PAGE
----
Growing up I lived in a house with 2 brothers and 2 sisters. We were close in age, shared chores, clothing, treehouses and other adventures. Growing up in this family, we learned to share, debate, laugh, entertain ourselves, ride horses and be responsible for ourselves & others. Our parents may not have agreed with every chosen path, but they provided the guidance and support to get us where we wanted to go. As I grew I knew I wanted just such a family- a group of kids who played with each other, fought with each other, resolved differences and became friends & support to each other as adults.
My life went partially as planned: I earned degrees, worked, lived, loved and had my first child. I raised him as a single mother and spent some time looking and waiting for that person to share parenting of future children with… I have yet to find him. Eventually I decided that my desire for that larger family, that group of kids to annoy & delight each other (& me), was not dependent on my other goal of adult companionship. As a child, I had watched Wednesday’s Child on Boston television and KNEW, even then, that I would eventually adopt children from foster care to expand my family. It was time.
After completing my home study, moving & then revising it, I connected with a wonderful adoption worker through MA DCF. She helped me submit my information for consideration for some sibling groups available in MA while I continued to look through online photolistings for children who would somehow speak to my heart. I knew what I wanted: a sibling group of at least 2-3 kids, children younger than my son, children I could love & support and, most importantly to me, children who may be considered “difficult to adopt” because of their race, history or developmental needs. I knew my limitations- there is only one of me- and I let my worker know the conditions that seemed too much for my life and situation.
One day in January 2007, I logged in to the MARE website photolisting (http://mareinc.org/MARE-Online-Photolisting.html ) and, tucked at the bottom of the page, among a group of pictures of sibling groups from MA, I found this picture of 2 infants. Clicking on the picture to enlarge it and find out more, I looked closely at their chubby cheeks and saw the tracheostomy tubes nestled under their chins. Having worked in early childhood special education, including one year in an award-winning program with children who are technology dependent- I recognized the tubes under their chins and knew what this meant about their ability to breathe without medical support. I knew what the need for care meant, what the time commitment could be, what the medical follow-up & advocacy needs might be- and I KNEW that I wanted to be the resource for these children. My social worker was surprised by my interest but knew to trust me in choosing to submit only on children that I thought I could provide for. I was matched with them in February and the week after their first birthday, I went to a disclosure meeting and had an opportunity to meet them.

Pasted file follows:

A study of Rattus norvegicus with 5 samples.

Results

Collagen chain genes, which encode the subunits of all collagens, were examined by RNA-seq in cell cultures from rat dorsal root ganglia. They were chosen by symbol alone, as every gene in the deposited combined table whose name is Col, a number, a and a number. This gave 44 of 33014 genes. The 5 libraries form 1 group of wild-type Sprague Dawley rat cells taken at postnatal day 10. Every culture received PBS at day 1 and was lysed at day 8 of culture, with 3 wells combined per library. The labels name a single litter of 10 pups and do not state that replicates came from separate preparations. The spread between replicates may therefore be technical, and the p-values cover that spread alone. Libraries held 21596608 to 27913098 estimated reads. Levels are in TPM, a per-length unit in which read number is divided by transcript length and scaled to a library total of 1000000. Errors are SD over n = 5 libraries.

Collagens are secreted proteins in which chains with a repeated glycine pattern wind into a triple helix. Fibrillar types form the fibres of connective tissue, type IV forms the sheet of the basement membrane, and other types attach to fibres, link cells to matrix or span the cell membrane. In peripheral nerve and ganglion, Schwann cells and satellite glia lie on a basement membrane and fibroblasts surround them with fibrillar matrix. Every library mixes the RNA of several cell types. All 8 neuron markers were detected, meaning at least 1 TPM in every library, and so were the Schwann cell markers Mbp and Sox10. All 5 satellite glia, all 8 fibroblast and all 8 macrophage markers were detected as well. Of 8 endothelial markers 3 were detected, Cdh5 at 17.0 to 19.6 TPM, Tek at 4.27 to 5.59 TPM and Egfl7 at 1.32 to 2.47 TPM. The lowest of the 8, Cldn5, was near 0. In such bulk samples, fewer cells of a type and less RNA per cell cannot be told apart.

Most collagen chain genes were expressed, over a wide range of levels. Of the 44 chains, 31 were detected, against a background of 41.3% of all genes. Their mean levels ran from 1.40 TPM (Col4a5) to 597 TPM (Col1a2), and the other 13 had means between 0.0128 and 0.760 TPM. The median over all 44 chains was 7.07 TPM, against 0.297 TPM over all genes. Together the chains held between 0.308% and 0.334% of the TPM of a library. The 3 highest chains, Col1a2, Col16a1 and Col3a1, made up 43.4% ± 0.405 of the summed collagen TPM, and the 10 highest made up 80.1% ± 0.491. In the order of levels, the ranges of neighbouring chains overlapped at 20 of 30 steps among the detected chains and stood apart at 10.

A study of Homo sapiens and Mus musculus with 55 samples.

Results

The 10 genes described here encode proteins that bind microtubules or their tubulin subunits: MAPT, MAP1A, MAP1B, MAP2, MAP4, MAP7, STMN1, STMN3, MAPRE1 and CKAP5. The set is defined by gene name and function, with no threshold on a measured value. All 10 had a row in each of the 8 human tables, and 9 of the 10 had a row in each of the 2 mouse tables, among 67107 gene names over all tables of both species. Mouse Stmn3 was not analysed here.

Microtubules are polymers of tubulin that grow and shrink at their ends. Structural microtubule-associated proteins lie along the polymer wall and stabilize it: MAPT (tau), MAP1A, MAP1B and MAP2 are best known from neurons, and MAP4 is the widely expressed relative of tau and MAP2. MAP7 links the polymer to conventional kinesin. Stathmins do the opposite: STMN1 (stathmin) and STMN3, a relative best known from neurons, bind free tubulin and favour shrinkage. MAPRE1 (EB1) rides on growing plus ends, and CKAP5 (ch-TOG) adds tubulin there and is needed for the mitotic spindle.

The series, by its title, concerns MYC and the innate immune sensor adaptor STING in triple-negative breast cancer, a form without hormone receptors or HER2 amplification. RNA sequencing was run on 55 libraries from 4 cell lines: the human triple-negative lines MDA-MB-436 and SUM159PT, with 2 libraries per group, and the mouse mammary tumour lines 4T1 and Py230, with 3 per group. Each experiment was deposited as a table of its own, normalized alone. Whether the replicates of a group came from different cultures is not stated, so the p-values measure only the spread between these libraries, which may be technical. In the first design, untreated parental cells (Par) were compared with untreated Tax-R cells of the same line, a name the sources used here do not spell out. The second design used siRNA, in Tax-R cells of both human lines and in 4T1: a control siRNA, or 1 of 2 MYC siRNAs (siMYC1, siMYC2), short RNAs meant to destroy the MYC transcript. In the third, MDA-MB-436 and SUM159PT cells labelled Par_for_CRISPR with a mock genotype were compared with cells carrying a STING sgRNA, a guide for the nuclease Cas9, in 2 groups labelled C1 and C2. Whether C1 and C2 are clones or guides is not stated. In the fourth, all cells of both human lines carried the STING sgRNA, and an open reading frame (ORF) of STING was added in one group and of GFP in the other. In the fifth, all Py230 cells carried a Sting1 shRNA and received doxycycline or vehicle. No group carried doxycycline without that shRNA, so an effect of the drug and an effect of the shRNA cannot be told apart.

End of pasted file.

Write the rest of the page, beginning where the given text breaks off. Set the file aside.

Trachgirl was the shy one, leery of new people, remembering the hospitals, the doctors, the people who come in and out of her life; she a safe distance during our first meeting. She warmed up later in the visit and played peek-a-boo in my arms on their nursery floor. Trachboy, less aware of a reason to be fearful, lay in my arms, looked up into my face and cemented their places in my heart. As he nestled into me, nuzzling my arm and falling asleep, I knew there was no hope of turning away or turning back- I had found my children. We had found each other.
After regular visits, a bunch of training on their daily & emergency medical care and a solo overnight at their foster home, Trachboy & Trachgirl came home to our house where they joined their older brother then 13. My oldest adjusted well to the twins’ arrival and continues to amaze me with his capacity to accept his brother and sisters as full-fledged members of our family.
When the twins were 17 months old, a younger sister was born and she joined our family the week her big sibs turned 2. I remember the day her social worker parked her car out front and walked my precious new bundle up the stairs. My youngest lay in my arms and the twins touched her face, held her hand, and brought toys to show her. I scheduled a family photo for that afternoon, knowing full-well I might realize quickly that there was NO WAY I was ever going to get out of the house again! The pictures were a big success, all four kids looking intently at the camera, a smile from the teen at how crazy his Mom truly was. For some time, this is the completion of our family. One day there may be others who join, related or not, but for now the craziness feels full, real, rewarding.
It has been a journey, laden with challenges and celebrations, hospitalizations, surgeries and periods of wellness & activity. It has been worth it. It has proven the greatest and most thrilling adventure of my life. I hope that my children will have the opportunity to learn the many lessons I was taught living in a large family. I wish them all the success, friendship, strength and happiness that I have had the fortune to have experienced. I encourage everyone who can, who has the resources, the energy, the love for children and the desire for a strong family to consider what they may have to offer a child from foster care, who may have no one else.